Blog Monet: The Late Years book review

Monet: The Late Years book review

Posted Sept. 21, 2019, 12:12 p.m. by T

Monet: The Late Years

Kimbell Art Museum

 

If the claim that impressionism is light holds true, Claude Monet was the equivalent of the sun as what he emitted affected the world of art in every facet. The later years were defined by a hiatus caused by the departure of his second wife and eldest son, after which he reinvented himself through a deep dive into abstract large scale works that were channelled through the lenses of an artist that suffered from cataracts.

The opulently illustrated book showcases more than sixty canvases that are arranged according to themes and a chronological timeline, which towards the end shows the artist revisiting some of his earliest paintings and reinterpreting them.

What I have always found intriguing about Monet, is how powerful his paintings are despite the serene environments and floral focus they were centred around. Towards the end of his career, he managed to create panoramas that created an immersive, all encompassing experience, specifically by adding additional dimensions to his earlier work.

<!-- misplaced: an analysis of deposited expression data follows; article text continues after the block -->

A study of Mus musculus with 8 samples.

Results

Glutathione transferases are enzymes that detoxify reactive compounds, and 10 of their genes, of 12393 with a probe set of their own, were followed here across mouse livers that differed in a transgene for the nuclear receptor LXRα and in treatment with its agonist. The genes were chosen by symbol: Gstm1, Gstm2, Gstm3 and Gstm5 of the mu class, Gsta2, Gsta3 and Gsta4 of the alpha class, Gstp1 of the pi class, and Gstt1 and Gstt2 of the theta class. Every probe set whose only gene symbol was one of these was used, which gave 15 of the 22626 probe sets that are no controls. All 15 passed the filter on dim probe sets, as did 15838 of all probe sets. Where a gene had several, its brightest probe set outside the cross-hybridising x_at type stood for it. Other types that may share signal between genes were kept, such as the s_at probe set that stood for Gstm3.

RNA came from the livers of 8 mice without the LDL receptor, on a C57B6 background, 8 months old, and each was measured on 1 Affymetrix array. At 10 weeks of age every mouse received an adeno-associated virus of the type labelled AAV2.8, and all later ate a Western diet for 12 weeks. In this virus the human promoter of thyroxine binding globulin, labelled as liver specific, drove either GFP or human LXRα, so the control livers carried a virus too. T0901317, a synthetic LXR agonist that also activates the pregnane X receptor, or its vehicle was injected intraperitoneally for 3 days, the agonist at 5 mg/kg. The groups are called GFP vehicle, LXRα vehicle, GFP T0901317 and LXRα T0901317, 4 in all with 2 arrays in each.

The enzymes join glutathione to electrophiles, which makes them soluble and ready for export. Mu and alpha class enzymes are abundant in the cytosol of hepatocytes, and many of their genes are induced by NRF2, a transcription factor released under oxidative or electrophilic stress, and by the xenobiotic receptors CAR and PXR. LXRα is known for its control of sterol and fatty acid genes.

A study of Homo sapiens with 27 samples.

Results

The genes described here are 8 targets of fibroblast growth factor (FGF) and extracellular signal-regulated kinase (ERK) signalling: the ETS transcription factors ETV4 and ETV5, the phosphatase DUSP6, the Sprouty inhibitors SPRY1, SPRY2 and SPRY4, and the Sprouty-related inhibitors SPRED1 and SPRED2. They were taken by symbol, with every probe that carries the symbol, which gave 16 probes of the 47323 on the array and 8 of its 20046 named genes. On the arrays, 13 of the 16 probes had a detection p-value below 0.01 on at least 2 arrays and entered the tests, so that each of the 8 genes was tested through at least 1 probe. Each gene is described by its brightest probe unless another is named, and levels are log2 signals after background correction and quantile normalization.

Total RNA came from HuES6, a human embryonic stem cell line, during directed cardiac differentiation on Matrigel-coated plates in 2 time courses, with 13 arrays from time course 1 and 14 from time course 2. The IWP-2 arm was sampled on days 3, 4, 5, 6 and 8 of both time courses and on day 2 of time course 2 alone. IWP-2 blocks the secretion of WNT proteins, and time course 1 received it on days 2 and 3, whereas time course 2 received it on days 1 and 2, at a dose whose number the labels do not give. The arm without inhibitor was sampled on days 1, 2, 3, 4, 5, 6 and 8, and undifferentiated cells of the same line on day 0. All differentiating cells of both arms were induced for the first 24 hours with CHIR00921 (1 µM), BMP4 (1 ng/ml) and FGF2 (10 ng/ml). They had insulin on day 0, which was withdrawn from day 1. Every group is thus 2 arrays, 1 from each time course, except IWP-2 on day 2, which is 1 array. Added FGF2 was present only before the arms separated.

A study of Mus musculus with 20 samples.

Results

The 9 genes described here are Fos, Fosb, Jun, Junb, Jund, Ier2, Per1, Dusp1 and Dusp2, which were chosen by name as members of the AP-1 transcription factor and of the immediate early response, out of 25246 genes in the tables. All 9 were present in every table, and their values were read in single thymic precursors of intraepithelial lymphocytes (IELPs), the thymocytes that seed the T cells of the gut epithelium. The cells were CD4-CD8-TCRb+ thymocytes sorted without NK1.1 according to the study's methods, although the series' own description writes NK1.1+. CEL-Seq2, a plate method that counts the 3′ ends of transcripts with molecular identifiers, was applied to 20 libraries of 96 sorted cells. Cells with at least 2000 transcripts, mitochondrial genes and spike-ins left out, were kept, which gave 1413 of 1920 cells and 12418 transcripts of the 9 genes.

Subtleties in terms of colourful nuances and the dialogue between lighting / shading, add depth and room for interpretation far beyond the realm of what meets the eye.

His failing eyesight certainly contributed to the intrigue of his latter paintings that became intensely abstract, with subject matter blurred beyond recognition and with that borderline expressionist and very bold.

If so far you have only been familiar with Monet’s water-lily paintings, this catalogue will be a treat as the range of his oeuvre is surprisingly diverse.

A great ode to an artist that was obsessed by the desire to paint the natural world– a desire that was only amplified during his late sensitive years and the outcome of which are what became known as his greatly imaginative large-scale Grandes Décorations.